Let’s start with a ‘simple’ question: How to ensure safe justice from a victim’s perspective?
We have a duty to protect the victims of crime, improve the level of service that they can expect from the criminal justice system and raise the quality of support that they receive. It is essential on a practical level to ensure that in operational terms we have the most effective justice system possible. After all, we can secure convictions and bring down rates of crime only if victims have the confidence to report crimes to the police and engage with prosecutors to make sure that their testimony is heard in court. For both those reasons and at every level, we must do better.
As things stand, too many victims feel that the criminal justice system does not deliver justice for them. Too many feel let down by the system, which compounds the pain and suffering from the original crime. That must change. Our task is to improve the service and support that victims receive from the point at which a crime is reported right through to their experience in the courtroom.
For the last year, Victim Support Europe has been working on a Discussion Paper on Safe Justice. This paper aims to discuss the current practical problems and barriers for victims in achieving justice in the course of a real-life victim’s journey from crime to the outcome of criminal proceedings. Additionally, the paper will challenge conceptional concerns and preconceived notions that lie at the basis of (some of) the current justice systems and that may influence the victim’s ability to achieve safe justice. With this paper, we aim to address ways in which the justice system harms victims unnecessarily. We thereby want to start the conversation on how to make the criminal justice system work in a way that is less harmful to victims and victims’ families, as well as is considered more successful by victims and their families regardless of the outcome of guilt of the suspect. The action week presents an opportunity to significantly influence the EU criminal justice legislation, particularly because the European Commission is currently revising EU victims’ laws as well as working on legislative proposals that impact the rights of victims of a crime in criminal justice processes.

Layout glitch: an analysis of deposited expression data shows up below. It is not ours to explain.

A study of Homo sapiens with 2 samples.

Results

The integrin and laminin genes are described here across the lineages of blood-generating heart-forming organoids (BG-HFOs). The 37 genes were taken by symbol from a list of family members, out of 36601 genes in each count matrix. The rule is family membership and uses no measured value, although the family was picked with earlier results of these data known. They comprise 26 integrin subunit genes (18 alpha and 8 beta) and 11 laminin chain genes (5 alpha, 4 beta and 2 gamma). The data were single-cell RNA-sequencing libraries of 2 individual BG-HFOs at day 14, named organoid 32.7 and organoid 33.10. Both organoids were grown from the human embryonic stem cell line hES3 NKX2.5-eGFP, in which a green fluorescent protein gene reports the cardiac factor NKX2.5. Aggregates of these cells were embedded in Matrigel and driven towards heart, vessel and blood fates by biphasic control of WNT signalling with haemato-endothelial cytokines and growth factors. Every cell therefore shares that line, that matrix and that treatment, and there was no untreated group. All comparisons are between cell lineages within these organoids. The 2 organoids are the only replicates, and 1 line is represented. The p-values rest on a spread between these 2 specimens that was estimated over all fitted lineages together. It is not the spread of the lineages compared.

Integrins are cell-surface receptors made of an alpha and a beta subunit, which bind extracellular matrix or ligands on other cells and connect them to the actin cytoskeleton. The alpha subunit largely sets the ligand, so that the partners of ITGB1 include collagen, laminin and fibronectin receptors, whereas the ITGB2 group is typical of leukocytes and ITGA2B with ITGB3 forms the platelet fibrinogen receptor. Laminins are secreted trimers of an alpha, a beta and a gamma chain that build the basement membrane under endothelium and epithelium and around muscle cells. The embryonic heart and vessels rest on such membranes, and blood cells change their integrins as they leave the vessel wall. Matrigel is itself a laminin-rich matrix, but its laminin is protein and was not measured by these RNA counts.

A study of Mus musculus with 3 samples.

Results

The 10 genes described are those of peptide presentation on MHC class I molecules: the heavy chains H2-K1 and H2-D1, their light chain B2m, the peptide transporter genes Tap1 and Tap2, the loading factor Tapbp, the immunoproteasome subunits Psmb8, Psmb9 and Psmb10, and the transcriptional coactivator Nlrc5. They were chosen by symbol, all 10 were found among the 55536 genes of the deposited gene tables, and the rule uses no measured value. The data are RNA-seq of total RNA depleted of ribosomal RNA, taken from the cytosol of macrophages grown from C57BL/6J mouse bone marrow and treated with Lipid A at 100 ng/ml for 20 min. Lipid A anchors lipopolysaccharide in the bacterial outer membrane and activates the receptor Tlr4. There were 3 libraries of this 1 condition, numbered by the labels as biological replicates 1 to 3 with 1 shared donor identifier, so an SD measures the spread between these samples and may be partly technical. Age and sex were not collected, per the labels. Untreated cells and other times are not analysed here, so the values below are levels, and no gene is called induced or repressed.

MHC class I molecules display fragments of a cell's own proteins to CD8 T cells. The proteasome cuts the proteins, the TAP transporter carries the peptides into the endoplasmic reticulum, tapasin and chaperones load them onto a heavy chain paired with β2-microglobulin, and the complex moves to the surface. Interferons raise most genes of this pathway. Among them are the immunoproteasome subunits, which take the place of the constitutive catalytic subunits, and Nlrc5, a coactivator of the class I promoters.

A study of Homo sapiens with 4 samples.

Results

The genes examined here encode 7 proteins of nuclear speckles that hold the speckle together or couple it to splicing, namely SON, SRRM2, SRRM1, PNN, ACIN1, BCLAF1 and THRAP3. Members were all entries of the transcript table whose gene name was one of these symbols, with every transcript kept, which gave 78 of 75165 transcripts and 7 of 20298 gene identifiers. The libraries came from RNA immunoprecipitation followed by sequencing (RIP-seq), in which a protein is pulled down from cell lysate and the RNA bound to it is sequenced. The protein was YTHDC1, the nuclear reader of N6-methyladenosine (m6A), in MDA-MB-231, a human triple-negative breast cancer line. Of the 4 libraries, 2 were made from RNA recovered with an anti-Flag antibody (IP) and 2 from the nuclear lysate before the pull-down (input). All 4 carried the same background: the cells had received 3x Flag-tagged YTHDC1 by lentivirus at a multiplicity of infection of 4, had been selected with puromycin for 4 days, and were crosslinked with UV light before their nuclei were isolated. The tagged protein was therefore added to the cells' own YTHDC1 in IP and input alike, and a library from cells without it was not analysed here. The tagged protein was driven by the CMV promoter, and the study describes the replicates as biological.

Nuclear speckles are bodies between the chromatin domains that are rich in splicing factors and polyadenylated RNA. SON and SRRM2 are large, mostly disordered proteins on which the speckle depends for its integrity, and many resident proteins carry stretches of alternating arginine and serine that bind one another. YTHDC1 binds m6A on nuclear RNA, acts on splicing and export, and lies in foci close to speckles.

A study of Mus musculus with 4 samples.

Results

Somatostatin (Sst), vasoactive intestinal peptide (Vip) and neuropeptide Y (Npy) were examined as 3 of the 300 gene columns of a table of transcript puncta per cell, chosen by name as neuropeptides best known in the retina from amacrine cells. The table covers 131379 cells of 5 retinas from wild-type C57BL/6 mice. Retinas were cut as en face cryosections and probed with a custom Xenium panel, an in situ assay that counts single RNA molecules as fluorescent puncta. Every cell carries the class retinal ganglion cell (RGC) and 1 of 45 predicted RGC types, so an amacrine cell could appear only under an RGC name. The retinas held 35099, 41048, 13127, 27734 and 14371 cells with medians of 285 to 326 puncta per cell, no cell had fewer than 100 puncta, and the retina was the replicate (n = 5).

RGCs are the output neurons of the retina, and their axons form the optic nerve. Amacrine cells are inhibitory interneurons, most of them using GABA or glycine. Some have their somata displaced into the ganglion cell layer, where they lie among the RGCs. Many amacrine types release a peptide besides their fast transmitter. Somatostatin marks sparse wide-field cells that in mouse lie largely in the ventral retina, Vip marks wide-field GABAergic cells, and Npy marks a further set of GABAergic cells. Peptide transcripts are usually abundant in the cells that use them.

During the Action Week on Safe Justice, we want to exchange knowledge and opinions from victims and experts in the field on major challenges and opportunities for victims throughout their journey towards justice.
Why this week?
We organise the Action Week 2022 from 21 to 25 February 2022, with on 22 February the European Day for Victims of Crime. In 1990 in Stockholm, Sweden, Victim Support Europe declared 22 February to be the European Day for Victims of Crime. The European Day offers the momentum to remember those who have suffered at the hands of criminals – many millions every year – children and adults, women and men, poor and wealthy, residents and visitors to the EU.